Trainee teacher blog 3: Reading books on behaviour management
One of the biggest fears for someone just entering the teaching profession is often around behaviour management in the classroom. Some of the thoughts that may enter your mind are ‘Will the students listen to me? ‘How will I deal with bad behaviour?’ and ‘What should I do if I can’t control the class?’. As a trainee, it can be quite overwhelming when you realise that the profession you are about to enter requires you to stand in front of 25 young people for 6 hours a day and help them to learn. There are many horror stories floating around the internet and also through word of mouth which can very easily discourage even the strongest willed people from this career.
I was one of the people who thought I would struggle with behaviour management but by the time I started teaching, I had covered a wide range of topics related to classroom management at university and through independent learning. My first lesson was totally different to how I had envisaged it. Although students were participating in the activities there was a lot of low level disruption throughout the lesson, such as talking amongst friends and tapping the desk continuously. A lot of planning had gone into that lesson, ensuring that the work during the 1 hour period was accessible to all students and low level disruption can be very distracting, especially for a trainee teacher. It can also be very difficult to manage without the right knowledge. It can be frustrating when you have spent 3+ hours to plan a lesson and the students find more amusement in discussing what happened during the lunch break than what you have to teach them. In this instance, reading definitely helped with my classroom management.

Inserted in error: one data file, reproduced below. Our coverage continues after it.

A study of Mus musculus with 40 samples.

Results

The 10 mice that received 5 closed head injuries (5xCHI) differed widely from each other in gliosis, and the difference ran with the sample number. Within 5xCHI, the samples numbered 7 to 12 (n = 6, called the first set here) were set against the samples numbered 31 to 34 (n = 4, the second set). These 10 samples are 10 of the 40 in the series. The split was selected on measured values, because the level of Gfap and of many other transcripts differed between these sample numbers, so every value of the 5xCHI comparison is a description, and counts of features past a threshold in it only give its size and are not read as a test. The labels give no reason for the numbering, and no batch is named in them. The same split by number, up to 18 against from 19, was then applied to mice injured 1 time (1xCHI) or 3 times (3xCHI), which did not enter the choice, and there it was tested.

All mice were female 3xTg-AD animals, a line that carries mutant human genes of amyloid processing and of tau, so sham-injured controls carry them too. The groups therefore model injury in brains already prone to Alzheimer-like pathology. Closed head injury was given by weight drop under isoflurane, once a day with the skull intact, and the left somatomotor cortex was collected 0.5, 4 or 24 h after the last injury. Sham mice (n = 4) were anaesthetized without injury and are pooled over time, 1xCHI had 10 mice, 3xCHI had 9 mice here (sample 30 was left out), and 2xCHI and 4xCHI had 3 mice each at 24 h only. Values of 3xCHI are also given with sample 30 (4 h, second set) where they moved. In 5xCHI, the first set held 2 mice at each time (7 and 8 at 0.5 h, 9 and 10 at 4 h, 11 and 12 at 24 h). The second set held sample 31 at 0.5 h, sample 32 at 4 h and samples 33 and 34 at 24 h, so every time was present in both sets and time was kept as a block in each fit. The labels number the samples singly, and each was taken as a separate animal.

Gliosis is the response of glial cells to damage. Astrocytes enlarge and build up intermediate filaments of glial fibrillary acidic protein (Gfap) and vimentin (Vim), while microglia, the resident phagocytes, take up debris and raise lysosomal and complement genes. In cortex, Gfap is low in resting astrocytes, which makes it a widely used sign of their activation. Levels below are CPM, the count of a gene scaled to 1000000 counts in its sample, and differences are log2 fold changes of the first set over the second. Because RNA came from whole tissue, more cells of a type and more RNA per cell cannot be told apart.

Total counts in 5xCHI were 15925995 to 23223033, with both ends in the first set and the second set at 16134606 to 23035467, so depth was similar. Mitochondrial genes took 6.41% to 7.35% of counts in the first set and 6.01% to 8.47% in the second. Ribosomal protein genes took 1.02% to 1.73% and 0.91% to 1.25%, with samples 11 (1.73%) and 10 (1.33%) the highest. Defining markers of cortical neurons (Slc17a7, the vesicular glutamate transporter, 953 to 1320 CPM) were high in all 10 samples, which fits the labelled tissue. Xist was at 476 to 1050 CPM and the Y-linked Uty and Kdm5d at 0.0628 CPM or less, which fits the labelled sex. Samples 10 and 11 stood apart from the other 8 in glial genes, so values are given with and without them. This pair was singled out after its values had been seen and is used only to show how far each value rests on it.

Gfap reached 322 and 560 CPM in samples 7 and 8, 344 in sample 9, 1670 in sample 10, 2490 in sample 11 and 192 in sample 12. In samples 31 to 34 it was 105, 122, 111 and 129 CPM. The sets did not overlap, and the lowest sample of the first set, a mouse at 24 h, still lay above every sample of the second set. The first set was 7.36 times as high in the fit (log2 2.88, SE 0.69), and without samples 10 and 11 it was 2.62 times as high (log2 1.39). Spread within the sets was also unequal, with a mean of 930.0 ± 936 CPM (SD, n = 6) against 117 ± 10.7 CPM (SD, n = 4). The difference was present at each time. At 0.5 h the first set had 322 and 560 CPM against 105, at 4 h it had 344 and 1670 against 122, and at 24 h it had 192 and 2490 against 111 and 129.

One of the first books I read when I entered the profession was ‘Getting the buggers to behave’ by Sue Cowley. This is a simple and easy-to-read book that breaks down some of the most common behavioural issues that a classroom teacher may face. These issues range from students shouting out answers when not being questioned to students getting out of their seats and walking around the classroom. Sue Cowley outlines some effective techniques that can be used to create a positive learning environment within the classroom such as use of body language, tone of voice and language. After reading the book I began putting what I had read into my practice and I saw noticeable differences quite quickly. I started by using assertive body languagewhich involved standing up with my shoulders pulled back and my hands open and visible, as well as utilising the classroom space to exercise my control of the lesson. Simple techniques such as greeting every child at the door upon entering and leaving worked a treat and are now part of my daily routines.
There is a countless amount of literature on behaviour management available to read for new teachers. My advice to new teachers would be to start with simple techniques that you can repeat and embed into a routine. When trying out a new technique it is important that time is allowed for the technique to settle in with the students before trying something else. Adults do not warm to change and students even less so. Be patient with students and get to know your class before trying to fix what may not be broken to begin with.